The first deals with the large amount of Wisconsinites that work in low-wage jobs that don’t even lift them out of poverty. COWS defines a "poverty-wage job" as a point where working 40 hours a week still isn’t enough to lift a 2-parent family of 4 out of poverty, and that’s about $11.55 an hour.
With that in mind, take a look at these stats COWS gives on poverty-wage jobs in Wisconsin.
730,000 Wisconsin workers — 1 in 4 — worked in poverty-wage jobs in 2014.Also worth noting in the COWS report is that 79% of people in non-poverty wage jobs get health insurance through their jobs, but only 49% do with people in poverty-wage jobs, which means in addition to being three times as likely to not have health insurance at all, poverty-wage workers are more likely to rely on government and the individual insurance market to get insured.
•The median age of a poverty-wage worker in Wisconsin is 29 years old.
•More than three-fourths of Wisconsin’s poverty wage workers are white. But African American and Hispanic workers are much more likely to hold poverty wage jobs. While one-quarter of white workers earn poverty wages, 36 percent of black, and 48 percent of Hispanic workers do.
•Three times as many poverty-wage workers have no health insurance as compared to other workers – 22 percent of poverty-wage workers had no health insurance in 2013; only 7 percent of workers with jobs paying above that line have no insurance.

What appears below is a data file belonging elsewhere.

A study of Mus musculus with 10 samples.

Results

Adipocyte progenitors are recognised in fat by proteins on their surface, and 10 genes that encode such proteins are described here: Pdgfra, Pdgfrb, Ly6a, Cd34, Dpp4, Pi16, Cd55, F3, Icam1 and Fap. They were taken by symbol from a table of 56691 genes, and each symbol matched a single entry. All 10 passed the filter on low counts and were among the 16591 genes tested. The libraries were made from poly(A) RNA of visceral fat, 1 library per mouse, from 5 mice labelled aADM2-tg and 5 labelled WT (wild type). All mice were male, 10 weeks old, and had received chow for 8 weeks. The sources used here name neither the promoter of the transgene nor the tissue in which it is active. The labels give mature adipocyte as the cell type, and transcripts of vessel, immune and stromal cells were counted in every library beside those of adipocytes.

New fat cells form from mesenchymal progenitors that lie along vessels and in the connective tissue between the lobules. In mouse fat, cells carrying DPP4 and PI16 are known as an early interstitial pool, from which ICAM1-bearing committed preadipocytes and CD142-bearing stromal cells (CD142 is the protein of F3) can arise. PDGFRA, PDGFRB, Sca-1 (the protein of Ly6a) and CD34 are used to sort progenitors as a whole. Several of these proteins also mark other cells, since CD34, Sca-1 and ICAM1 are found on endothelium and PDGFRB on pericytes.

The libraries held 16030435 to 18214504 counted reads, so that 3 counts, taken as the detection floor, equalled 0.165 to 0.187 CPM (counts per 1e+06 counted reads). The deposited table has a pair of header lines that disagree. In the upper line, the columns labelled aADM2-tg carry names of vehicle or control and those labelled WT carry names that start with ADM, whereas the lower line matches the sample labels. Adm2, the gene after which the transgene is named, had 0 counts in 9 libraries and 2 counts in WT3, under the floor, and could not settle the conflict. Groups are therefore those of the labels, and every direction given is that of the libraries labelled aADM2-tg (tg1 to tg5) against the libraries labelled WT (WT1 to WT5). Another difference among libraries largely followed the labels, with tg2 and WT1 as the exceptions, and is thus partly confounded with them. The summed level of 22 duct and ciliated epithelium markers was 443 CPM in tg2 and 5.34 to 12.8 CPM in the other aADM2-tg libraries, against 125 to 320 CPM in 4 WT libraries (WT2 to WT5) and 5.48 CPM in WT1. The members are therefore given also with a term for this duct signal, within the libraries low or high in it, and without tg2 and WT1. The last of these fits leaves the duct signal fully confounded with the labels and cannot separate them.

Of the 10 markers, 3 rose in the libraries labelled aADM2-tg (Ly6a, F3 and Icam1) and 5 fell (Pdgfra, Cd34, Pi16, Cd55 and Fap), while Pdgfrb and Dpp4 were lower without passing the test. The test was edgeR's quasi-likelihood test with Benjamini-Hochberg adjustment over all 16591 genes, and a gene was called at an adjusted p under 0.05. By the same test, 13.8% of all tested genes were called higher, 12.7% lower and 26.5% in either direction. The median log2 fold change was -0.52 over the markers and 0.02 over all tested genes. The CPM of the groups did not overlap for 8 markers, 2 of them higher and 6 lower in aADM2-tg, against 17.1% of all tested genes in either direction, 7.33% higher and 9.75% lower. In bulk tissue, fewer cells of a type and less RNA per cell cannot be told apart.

•Hours can be as big a problem as wages. Poverty-wage work is often formally or functionally part-time. Just-in-time scheduling, where an employer gives little-to-no advance warning of scheduled work times, is an increasing norm. In many service sector jobs, bad weather, bad traffic, or just too few customers can send workers home mid-shift.
In addition, the COWS report looks at the major increase of children in poverty in Wisconsin, with the rate of students qualifying for free or reduced-price lunch increasing from 24% in 2001, to 43% in 2014. But COWS adds that state policy has not matched those increasing needs, and in fact, seems to be going in the other direction.
In the face of increasing needs in our classrooms, however, our public schools are continually facing cutbacks in resources. That too is making the provision of a strong education for all children harder to supply. Schools and teachers are dealing with greater need in their classrooms, even as the resources supporting public education are declining. So these maps say something not only about our changing economy, and growing needs of our children, but also about our public will.
Wisconsin faces a choice today about what sort of future we want for our state. It is about our children and our schools, narrowly. But more broadly, that choice is about whether we will continue to become more private and divided. Or whether we will once again embrace common purpose in our communities and commit to and invest in that collective future. We can move on a different trajectory. But not without more conscious attention to both the economy and the long-term investment in our infrastructure and schools that can build a foundation for changing what is possible.
The Wisconsin Budget Project has an excellent summary of this section, and other parts of The State of Working Wisconsin report. This includes the shocking statistic indicating Wisconsin has the highest level of African-American unemployment in the country (19.9%). Perhaps some national folks should snoop around and ask presidential candidate Scott Walker why that is.
In fact, a lot of these stats in the COWS report should make any sort of reality-based conservative look at the results (if such a person exists), and ask him/herself how they can seriously say that “it’s working” for most Wisconsinites in the Age of Fitzwalkerstan.